Taupo police are no longer allowed to use their electric-powered Segways because current vehicle legislation cannot classify the stand-on scooters.

The station became the first in the country to use the Segways, and officers had been travelling on them when roads were closed and when patrolling the town's streets, Taupo police area commander Inspector Steve Bullock said.

"They are a novel vehicle, I would liken them to a modern-day horse because they engender curiosity and people want to talk to you about them, which is what we want as a police organisation," he said.

"We want to be more engaged with our community and be approachable and be a person rather than just a blue shirt."

But the two $13,5000 scooters, which were bought by Taupo Moana Rotary Club and lent to police by Taupo Safer Community Trust, are now sitting unused because they do not fit into any category under current vehicle legislation.

"In the absence of any class they by default become a motor vehicle, which you can't ride on a footpath or in a public place," Mr Bullock said.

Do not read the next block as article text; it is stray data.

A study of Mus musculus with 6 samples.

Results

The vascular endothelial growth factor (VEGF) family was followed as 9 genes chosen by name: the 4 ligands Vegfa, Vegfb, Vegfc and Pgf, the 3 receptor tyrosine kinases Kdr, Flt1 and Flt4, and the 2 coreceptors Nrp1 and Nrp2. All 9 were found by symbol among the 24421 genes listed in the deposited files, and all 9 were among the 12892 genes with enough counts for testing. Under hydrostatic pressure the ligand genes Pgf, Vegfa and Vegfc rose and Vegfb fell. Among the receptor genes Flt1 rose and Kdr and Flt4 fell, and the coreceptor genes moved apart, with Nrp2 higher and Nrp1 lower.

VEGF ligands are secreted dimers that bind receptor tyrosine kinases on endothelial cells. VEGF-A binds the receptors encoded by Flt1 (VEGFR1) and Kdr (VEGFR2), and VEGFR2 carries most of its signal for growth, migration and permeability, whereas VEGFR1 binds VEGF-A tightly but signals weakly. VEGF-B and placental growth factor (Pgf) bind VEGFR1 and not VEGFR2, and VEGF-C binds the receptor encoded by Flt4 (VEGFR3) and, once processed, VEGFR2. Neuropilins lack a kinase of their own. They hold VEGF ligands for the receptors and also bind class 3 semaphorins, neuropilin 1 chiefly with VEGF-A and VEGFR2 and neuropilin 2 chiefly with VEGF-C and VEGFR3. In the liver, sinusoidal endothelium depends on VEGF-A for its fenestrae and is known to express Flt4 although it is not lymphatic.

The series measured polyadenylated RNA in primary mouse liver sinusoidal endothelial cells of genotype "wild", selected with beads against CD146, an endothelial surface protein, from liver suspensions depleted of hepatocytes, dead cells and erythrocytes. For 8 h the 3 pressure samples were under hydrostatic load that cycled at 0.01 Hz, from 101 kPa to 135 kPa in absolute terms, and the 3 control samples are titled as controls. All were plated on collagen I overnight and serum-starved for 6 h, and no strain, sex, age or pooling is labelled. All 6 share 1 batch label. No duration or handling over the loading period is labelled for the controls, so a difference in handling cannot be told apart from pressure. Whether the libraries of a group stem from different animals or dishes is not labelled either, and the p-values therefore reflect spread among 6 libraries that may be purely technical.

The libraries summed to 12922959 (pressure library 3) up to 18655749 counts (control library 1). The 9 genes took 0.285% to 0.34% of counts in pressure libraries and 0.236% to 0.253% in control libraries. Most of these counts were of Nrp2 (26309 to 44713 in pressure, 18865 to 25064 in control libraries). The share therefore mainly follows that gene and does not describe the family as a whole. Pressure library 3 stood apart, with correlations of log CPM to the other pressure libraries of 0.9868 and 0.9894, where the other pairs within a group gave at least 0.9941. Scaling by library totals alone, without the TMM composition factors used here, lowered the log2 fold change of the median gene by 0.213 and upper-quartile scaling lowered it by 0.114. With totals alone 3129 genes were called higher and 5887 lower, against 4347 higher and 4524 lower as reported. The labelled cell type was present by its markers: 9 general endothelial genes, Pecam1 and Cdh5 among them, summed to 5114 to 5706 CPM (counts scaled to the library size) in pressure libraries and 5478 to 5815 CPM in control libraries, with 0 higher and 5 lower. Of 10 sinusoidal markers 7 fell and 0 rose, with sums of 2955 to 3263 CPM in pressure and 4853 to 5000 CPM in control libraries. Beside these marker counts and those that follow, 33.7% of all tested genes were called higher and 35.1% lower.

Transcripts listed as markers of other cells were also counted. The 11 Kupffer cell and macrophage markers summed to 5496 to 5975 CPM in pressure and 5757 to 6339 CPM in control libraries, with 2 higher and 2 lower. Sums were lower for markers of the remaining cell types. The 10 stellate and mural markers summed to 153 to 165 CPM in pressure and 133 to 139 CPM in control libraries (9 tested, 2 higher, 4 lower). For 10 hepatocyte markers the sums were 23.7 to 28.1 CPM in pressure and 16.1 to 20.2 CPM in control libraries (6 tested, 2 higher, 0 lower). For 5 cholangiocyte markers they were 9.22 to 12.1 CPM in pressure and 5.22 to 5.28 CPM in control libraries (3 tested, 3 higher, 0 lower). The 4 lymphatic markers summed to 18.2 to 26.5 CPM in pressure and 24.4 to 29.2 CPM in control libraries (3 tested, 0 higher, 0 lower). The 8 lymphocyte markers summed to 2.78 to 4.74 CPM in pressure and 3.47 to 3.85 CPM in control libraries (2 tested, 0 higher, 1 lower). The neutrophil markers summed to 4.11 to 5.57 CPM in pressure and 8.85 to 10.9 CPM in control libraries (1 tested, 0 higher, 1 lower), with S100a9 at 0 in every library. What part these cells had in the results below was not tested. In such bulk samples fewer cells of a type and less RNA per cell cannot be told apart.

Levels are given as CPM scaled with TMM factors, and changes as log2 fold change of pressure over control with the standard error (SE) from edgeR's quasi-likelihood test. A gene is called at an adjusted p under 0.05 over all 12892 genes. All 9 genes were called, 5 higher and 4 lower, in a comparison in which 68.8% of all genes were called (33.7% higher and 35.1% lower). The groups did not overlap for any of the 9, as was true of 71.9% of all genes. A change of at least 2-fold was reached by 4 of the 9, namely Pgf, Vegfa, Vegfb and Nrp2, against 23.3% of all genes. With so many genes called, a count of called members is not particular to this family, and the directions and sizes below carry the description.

Technically, anyone riding a Segway in public was breaking the law under current legislation, he said.

Taupo District Council and the Transport Agency were working to try and come create some clarity in the law, but until then, Taupo police were back to plodding the beat.

Mr Bullock hoped the Segways would be a part of the police arsenal again soon.

"I don't see them as something you're going to race up and arrest somebody from but when you're on them you're more visible and also you've got more visibility because you're high up. But the big thing is that they'll get people talking to the police and make people feel safer.

"I'm hopeful that they'll be a tool of the future for the police, not just for Taupo but for all of us."

Segways can be legally driven on public streets in most countries in Europe, with various restrictions.

Segways were this week officially banned from UK pavements and roads, due to a recent law case that found the electric vehicles illegal.

Phil Coates was fined 75 ($167) after being found guilty of riding one on a pavement in Barnsley.

It is classified as a motor vehicle by British law, but failed to meet the requirements to be driven on the road. As such, it's not allowed to be driven on the pavement or on the road.